Born in the port city of Nantes in the Loire-Atlantique departement of France in 1726, Jacques-Donatien Le Ray became one of the wealthiest and most powerful aristocrats in all of France. He made a fortune in shipping and in 1750 he acquired the Chateau Chaumont as a country home where he established a glassmaking and earthenware factory. In 1772 Le Ray signed a contract with the renowned Italian sculptor Jean-Baptiste Nini[?] to oversee his factories and set up the production of portrait medallions: a sculpture in miniature done in terracotta usually for the very wealthy and European Royalty.
Jacques-Donatien Le Ray served King Louis XVI at the Court at Versailles as the Governor of Les Invalides in Paris and the Grand Master of Waters and Lands of Blois. Following the Declaration of Independence from Great Britain by the American colonies on July 4, 1776, emissaries were dispatched to France by the new United States revolutionary government to seek assistance from the French king. Although anxious to see Great Britain weakened, King Louis XVI had to walk a political tightrope. He understood that support for the rebellion in America was a contradiction of France's global colonization and could spark a revolt in any number of France's own colonies. As such, the American delegation could not be officially recognized at the French Court.
Sympathetic to the American cause for independence, Jacques Donatien Le Ray used his powerful position to act as intermediary between the King and the American representatives. But, Le Ray did much more than broker talks and exert influence. In addition to swaying the King and the powerful administrators of the French government, Le Ray provided free of charge a fully staffed mansion for the Americans in the upper class Parisian suburb of Passy[?].
In December of 1776, Benjamin Franklin was sent to Paris with the primary goal of obtaining French aid for the United States. He quickly developed a close relationship with Le Ray and his family and lived at Le Ray's estate in Passy for several years. On a number of occasions, Franklin spent time at Le Ray's luxurious castle in Chaumont in the Loire Valley. As a result of their friendship, Jacques-Donatien Le Ray obtained King Louis XVI's support for the American cause with both money and French armed forces.
Along with Benjamin Franklin, Jacques-Donatien Le Ray worked with John Adams, Silas Deane, the Marquis de Lafayette and the Comte de Vergennes[?] to help with the American Revolution. For an aristocrat in that day and age, what Le Ray did for ordinary Americans was astonishing. At heart, he believed in the equality of all men and backed up his beliefs by providing massive amounts of his own money to purchase weapons, supplies and clothing for the fledgling American armed forces. Le Ray was asked by the American government to take charge of the equipment and management of the combined French and American naval fleet. Working closely with Admiral Charles-Hector Estaing[?], the Commander of the French Fleet, Le Ray's support for the American cause involved having his shipyards refit a merchant vessel into a warship that he then gifted under the name the USS Bonhomme Richard to America for use by Captain John Paul Jones.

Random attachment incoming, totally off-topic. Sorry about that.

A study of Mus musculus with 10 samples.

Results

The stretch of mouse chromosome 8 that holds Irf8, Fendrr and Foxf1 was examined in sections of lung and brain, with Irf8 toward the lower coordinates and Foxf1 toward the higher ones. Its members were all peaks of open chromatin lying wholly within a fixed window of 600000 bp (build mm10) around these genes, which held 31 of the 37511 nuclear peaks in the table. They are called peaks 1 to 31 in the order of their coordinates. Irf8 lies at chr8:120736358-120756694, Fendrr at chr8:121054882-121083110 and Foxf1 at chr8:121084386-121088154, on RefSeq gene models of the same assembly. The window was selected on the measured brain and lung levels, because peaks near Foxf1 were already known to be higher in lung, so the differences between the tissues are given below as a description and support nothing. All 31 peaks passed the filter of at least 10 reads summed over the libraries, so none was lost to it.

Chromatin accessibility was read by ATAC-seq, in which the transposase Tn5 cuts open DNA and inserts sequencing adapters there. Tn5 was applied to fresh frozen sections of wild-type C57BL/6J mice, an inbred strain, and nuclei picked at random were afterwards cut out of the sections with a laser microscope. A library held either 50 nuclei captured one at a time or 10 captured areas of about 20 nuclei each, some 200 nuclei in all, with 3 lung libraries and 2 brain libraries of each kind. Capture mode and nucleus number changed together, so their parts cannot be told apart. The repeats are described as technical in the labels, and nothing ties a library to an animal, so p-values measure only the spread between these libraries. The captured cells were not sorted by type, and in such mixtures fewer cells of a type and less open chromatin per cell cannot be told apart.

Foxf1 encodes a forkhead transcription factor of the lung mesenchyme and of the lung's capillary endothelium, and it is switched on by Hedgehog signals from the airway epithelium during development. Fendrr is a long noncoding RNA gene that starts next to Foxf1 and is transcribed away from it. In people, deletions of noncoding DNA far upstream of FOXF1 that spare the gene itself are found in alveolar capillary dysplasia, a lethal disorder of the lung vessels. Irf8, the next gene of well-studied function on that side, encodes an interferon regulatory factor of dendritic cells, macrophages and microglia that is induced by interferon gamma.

When the War ended with the treaty of 1783 signed in Paris, Jacques-Donatien Le Ray had a portrait medallion made of Benjamin Franklin by Jean-Baptiste Nini. Today, it is Franklin's most recognized profile. And, when Franklin was recalled to America in 1785, Le Ray honored him with a commissioned portrait painted by Joseph Siffred Duplessis[?] that now hangs in the National Portrait Gallery of the Smithsonian Institution in Washington, DC.
Jacques-Donatien Le Ray's son of the same name (1760-1740) went to America in 1785. There, he acquired a property in Otsego county, New York where he built the fist saw-mill. Known in America as James, the English translation for Jacques, Le Ray Jr. also made large land purchases in the State and in 1790 he married a girl from New Jersey and became an American citizen. The towns of Le Ray, New York and Chaumont, New York are named after him.
In the end, the political ideals that Jacques-Donatien Le Ray cherished came back to haunt him. The huge financial support for he had elicited from King Louis XVI for the American Revolutionary War led to massive debts that would bankrupt the government of France. When a drought caused a deep famine in 1788, there was no money available from the French Treasury as had been done in the past, to subsidize the cost of flour for bread to prevent mass starvation. As a result of France's generosity and Jacques-Donatien Le Ray's love of America, he inadvertently helped pave the way for the French Revolution in 1789 that dramatically impacted on his own finances, resulting in the new French Revolutionary government seizing his assets including his beloved Chateau at Chaumont-sur-Loire[?].
Without the help of Jacques-Donatien Le Ray and France, the United States of America would almost certainly not have won their independence. When the British invaded American in 1812, Jacques-Donatien Le Ray Jr. and the government of France also worked to help America during the War of 1812.